Choosing the right sample size is vital to accurate survey outcomes. With the right number of survey respondents, your target population will be represented with acceptable accuracy. Although it may seem like a simple undertaking, you must put a lot of thought into determining your survey’s most effective sample size.
In most cases, the larger your sample size, the more confident you can be that the responses you receive reflect the total target population. However, there is another side to that coin. Deciding on a larger sample size requires you to distribute more surveys, and that drives up the cost of your survey project.
It’s not as simple as randomly selecting a large sample size and assuming that will equate to successful response rates. The pitfall of using no forethought when selecting a sample size is that you may select a sample that is not statistically significant or will cause you to exceed your budget. To arrive at your optimum sample size, you must start by asking a few key questions.
1. How Large Is Your Target Population?
You can begin to understand your sample size needs by first determining the size of the total population of possible respondents. If you want to understand something more large-scale, such as how grocery shoppers are using mobile devices, you will need to use a larger sample size. That’s because there are millions of grocery shoppers who use mobile devices. On the other hand, if you want to assess a smaller, more specific group, such as the opinions of the faculty at a particular university, the population is limited to a few thousand or even a few hundred.
2. How Accurate Do You Need to Be in Choosing the Right Sample Size?
Because you are only using a small sample group out of a larger target population, you must now make some decisions about accuracy. Your accuracy will depend on choosing an acceptable margin of error and accepted confidence level.
Your margin of error measures how well the responses from your sample reflect the opinions of your entire target population. A commonly chosen margin of error is 5%. You must also keep in mind that lower margins of error require a larger sample size.
Your confidence level represents the degree to which your sample is an accurate sample of the population. If you decide your project requires a 95% confidence level, you are declaring that if you repeated your survey, you would get the same results 95% of the time. Higher confidence levels require a larger sample size.
3. What Is Your Expected Response Rate?
Arriving at an answer to the first two questions is relatively straightforward. First, determine the size of your target population. Then decide how accurate you want your survey results to be.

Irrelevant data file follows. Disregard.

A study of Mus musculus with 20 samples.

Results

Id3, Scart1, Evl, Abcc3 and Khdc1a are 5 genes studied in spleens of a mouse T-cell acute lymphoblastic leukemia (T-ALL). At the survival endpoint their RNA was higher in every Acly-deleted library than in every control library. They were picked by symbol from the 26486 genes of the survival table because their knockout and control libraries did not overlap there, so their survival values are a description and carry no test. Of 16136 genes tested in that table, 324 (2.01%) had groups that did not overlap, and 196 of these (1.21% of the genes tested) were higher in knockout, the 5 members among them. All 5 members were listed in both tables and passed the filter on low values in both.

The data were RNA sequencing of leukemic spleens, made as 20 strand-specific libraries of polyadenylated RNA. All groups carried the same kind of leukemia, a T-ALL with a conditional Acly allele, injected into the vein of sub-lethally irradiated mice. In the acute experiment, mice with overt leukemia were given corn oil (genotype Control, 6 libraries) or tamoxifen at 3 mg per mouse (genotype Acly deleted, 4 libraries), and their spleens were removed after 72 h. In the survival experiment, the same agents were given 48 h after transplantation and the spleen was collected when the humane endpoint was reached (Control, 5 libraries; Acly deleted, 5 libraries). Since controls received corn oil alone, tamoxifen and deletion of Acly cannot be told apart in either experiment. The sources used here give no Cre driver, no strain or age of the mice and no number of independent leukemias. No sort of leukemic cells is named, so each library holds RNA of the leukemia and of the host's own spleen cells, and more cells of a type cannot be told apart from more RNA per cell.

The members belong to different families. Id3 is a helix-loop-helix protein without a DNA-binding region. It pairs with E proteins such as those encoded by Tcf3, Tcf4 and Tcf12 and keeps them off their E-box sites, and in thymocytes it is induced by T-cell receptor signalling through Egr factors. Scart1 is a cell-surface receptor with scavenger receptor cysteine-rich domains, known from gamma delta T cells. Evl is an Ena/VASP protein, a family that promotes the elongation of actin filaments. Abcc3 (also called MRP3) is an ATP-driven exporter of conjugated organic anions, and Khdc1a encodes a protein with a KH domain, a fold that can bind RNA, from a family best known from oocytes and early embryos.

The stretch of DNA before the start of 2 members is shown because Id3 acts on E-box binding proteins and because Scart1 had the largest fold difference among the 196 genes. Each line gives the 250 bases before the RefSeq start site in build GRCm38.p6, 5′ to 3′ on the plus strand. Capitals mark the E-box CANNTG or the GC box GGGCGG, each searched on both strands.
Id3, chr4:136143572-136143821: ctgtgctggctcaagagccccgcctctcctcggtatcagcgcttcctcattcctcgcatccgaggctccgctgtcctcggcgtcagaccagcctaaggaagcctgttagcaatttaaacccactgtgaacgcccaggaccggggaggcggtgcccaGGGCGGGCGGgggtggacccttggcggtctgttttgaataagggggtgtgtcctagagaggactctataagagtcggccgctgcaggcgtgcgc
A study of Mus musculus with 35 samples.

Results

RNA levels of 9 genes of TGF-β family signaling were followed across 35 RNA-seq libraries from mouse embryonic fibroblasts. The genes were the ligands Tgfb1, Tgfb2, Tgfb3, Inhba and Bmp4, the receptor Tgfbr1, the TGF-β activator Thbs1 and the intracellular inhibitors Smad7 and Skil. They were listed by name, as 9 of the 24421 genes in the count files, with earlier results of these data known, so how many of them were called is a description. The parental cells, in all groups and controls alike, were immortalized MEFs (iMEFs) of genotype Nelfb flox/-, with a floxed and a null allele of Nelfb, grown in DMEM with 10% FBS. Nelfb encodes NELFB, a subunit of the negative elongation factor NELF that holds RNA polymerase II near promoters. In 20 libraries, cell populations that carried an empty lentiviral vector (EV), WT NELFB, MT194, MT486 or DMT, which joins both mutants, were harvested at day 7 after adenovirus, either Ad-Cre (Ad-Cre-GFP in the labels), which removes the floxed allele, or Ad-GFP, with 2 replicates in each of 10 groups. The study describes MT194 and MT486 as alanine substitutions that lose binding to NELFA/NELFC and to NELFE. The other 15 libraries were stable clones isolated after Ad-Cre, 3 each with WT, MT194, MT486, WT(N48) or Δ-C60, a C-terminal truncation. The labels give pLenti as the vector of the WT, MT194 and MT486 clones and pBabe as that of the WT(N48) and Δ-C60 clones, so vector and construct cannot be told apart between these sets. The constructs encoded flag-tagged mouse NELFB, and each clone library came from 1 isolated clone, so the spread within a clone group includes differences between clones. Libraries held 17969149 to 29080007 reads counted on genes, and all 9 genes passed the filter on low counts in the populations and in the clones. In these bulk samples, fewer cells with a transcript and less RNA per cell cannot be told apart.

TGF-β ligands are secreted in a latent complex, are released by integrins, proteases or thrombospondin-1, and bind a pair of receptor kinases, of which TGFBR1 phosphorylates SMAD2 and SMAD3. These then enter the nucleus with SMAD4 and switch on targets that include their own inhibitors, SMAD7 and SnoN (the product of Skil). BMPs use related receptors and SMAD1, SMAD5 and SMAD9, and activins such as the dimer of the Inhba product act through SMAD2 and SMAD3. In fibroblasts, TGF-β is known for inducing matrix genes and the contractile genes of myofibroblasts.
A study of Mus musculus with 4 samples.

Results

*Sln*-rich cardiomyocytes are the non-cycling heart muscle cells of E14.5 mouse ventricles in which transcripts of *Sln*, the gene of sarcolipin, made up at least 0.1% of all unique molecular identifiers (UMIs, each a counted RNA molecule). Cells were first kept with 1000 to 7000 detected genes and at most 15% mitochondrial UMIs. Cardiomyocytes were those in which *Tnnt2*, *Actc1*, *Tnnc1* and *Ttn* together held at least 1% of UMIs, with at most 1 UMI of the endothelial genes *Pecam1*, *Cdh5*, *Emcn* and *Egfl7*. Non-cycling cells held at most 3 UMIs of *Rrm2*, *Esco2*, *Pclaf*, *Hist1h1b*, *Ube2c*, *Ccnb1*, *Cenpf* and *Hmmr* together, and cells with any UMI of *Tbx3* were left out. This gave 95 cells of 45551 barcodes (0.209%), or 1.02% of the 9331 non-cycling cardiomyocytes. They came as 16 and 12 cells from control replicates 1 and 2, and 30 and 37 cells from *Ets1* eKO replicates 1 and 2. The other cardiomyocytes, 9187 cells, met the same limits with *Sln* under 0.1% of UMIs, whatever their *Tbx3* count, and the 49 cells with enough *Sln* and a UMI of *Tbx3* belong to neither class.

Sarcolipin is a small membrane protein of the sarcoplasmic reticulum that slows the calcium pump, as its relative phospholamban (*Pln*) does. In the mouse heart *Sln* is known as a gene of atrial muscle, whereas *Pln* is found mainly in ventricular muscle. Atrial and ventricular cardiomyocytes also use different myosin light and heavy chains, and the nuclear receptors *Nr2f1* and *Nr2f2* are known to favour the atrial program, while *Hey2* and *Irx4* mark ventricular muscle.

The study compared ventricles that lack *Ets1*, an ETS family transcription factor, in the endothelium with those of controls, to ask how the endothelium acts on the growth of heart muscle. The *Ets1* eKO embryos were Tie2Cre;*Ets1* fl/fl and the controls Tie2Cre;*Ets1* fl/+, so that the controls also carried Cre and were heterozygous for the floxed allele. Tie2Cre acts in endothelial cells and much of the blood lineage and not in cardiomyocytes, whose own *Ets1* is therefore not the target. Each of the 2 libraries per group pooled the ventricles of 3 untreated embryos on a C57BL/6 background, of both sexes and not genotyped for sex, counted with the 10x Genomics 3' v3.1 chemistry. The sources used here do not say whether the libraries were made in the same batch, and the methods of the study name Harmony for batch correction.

Now, on to the challenging part: estimating what your response rate will be. Estimating your response rate is often difficult; there are many factors that contribute to a respondent’s decision to complete and return your survey. The list of factors includes:
- Questionnaire length
- Question complexity
- Importance of the survey to the respondent
- Level of respondent interest in the survey
- Availability of incentives
Fortunately, you are in control of most of these factors. Depending on your target population and the decisions you make about how you will administer your survey, your response rate can range from 1% to 60%. Lower expected response rates require a larger sample size.
For more tips on Survey Design, check our blog post on How to Write Great Survey Questions.
Working with an Experienced Survey Administration Partner in Choosing the Right Sample Size
Your sample size has a direct impact on the validity and cost of your survey. Consequently, it’s crucial that you get that number right. Once you have determined the right sample size for your survey, there’s still more work to do. How will you distribute the surveys? How will you gather them and analyze the outcomes?
This is where your survey administration partner can add value to the process. When you work with an experienced vendor, they can consult with you about the nature of your survey research and suggest choices that will help you achieve your goals in an efficient and cost-effective manner.
Your partner can help you measure your target population and decide on an appropriate margin of error and confidence level. In addition—although no two survey projects are ever exactly alike—your partner can rely on their experience with working with a wide range of organizations and projects to help predict what your response rate might be.
When you are planning your next survey project—and trying to understand your optimal sample size—consider getting help from an experienced survey administration partner.